By Peter Duveen

PETER'S NEW YORK, December 12, 2008--A judge ruled yesterday that Larry Silverstein can only attempt to recover $2.8 million from airlines he alleges shared responsibility for the World Trade Center disaster of 2001, commonly referred to as 9-11, the New York Post reports. Alvin Hellerstein, U.S. district court judge for the Southern District of New York, ruled that Silverstein, leaseholder for the property on which the World Trade Center stood, can only sue to recover the fair market value of his lease, and not the entire $16.2 million that would include the value of four office towers of the World Trade Center complex that were destroyed on 9-11.

On the morning of September 11, 2001, two airliners crashed into each of the twin towers of the World Trade Center in New York City. Two other airliners are alleged to have crashed that same morning into the Pentagon building in Arlington, Virginia, and into a field in Pennsylvania.

The U.S. government contends that the planes were piloted by a team of 19 Middle Eastern men who carried out the attack for religious reasons. Critics of the government's version charge that the government itself staged the attacks in an elaborate ruse designed to provide a pretext for the subsequent invasions and occupations of Afghanistan and Iraq and to justify the imposition of a domestic security apparatus that violates citizens' constitutionally protected rights.

Some critics point to the lack of positively identifiable aircraft debris at the Pentagon and Pennsylvania crash sites as evidence airliners may not have been involved in those incidents. They also assert that aircraft impacts alone could not account for the extent of the damage to the World Trade Center site. The Bush administration has attempted to defend itself against the charges by promoting media supportive of its version of events, and by encouraging the crafting of federal legislation that would penalize critics by classifying them as "homegrown terrorists."

Silverstein did not appear to be hurting from the momentary setback, as last week he signed a German bank for the top three floors of the recently completed Building 7, which opened in 2006. The Post reported that, as of the signing of the new lease with WestLB, Building 7 has achieved an occupancy rate of 83 percent.

Controversy surrounds the original 47-story Building 7, which mysteriously collapsed in a matter of seconds into its own footprint on the afternoon of 9-11. An elaborate explanation of the collapse, the outcome of a multi-million dollar study conducted by the government's National Institute of Standards and Technology, blamed a freak structural failure triggered by fires ignited by falling debris from the collapses of the nearby twin towers. Critics once again have surfaced, pointing to Silverstein's remarks after the collapse that a decision was made to "pull" the building, a term they say refers to a controlled demolition of the structure. Silverstein counters that his remarks have been misinterpreted. NIST admits that it it did not conduct tests for signs of explosive charges or incendiaries critics say may have brought down the building. Previous to the events of 9-11, no high-rise steel office tower had ever collapsed due to fires of any duration.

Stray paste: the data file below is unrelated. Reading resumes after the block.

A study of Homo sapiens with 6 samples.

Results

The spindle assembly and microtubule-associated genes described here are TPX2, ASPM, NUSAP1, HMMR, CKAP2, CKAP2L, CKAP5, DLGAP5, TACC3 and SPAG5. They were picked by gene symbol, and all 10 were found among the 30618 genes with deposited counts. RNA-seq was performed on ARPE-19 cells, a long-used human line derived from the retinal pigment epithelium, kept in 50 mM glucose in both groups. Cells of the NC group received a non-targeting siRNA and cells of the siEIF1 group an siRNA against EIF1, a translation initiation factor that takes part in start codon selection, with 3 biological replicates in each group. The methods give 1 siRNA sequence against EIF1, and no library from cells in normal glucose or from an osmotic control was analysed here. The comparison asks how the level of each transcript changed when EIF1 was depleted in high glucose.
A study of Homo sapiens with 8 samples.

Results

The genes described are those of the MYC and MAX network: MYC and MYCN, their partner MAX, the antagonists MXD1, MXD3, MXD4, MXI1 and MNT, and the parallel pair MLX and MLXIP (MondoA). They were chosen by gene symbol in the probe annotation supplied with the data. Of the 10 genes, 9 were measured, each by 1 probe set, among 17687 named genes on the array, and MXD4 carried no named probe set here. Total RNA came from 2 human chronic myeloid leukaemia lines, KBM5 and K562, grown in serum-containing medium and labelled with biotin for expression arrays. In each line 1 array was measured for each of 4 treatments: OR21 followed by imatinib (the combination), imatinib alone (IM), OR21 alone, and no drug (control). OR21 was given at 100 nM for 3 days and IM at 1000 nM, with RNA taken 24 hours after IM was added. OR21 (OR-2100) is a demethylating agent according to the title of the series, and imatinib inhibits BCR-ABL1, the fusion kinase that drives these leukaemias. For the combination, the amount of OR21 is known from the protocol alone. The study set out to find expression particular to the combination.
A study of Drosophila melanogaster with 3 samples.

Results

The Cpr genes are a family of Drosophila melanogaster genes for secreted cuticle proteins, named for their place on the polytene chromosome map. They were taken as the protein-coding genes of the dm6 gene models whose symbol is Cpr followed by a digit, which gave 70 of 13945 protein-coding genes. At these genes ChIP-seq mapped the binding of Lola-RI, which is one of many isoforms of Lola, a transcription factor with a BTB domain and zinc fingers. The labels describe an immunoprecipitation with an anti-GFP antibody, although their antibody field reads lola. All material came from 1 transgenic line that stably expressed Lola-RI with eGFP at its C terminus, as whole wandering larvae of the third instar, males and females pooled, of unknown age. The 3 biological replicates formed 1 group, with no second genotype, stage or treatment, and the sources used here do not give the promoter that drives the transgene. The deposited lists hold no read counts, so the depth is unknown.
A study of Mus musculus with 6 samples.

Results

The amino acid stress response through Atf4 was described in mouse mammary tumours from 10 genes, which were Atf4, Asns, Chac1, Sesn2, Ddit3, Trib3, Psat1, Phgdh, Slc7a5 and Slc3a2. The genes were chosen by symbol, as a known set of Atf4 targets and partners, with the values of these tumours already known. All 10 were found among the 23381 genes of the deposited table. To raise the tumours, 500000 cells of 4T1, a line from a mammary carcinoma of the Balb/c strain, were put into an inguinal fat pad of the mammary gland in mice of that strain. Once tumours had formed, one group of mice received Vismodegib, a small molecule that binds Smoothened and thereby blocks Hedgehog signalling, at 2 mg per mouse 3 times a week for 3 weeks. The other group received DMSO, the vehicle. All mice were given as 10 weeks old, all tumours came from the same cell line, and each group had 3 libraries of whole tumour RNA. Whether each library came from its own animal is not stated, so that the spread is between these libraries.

Silverstein has already collected more than $4 billion paid by insurance companies from which he had taken out polices on the structures against terrorist acts shortly before 9-11. 

Silverstein announced his original suit in March, naming American Airlines, United Airlines, Continental Airlines and Boeing Co., as well as the managers of Boston's Logan International Airport, MassPort, according to previously published news accounts. Silverstein charged that breaches in airline security allowed the alleged hijackers to commandeer the airliners and fly them into the World Trade Center towers.

In an earlier suit Silverstein singled out Citigroup Inc., which leased extensive office space in the original Building 7,
with responsibility for the building's destruction, citing a 6,000-gallon supply of diesel fuel the company maintained for use in an emergency power system. Silverstein charged that the fuel contributed to the fires in the building and its subsequent collapse. Hellerstein ruled in 2005 that Citigroup was protected from liability by covenants in the its lease with Silverstein.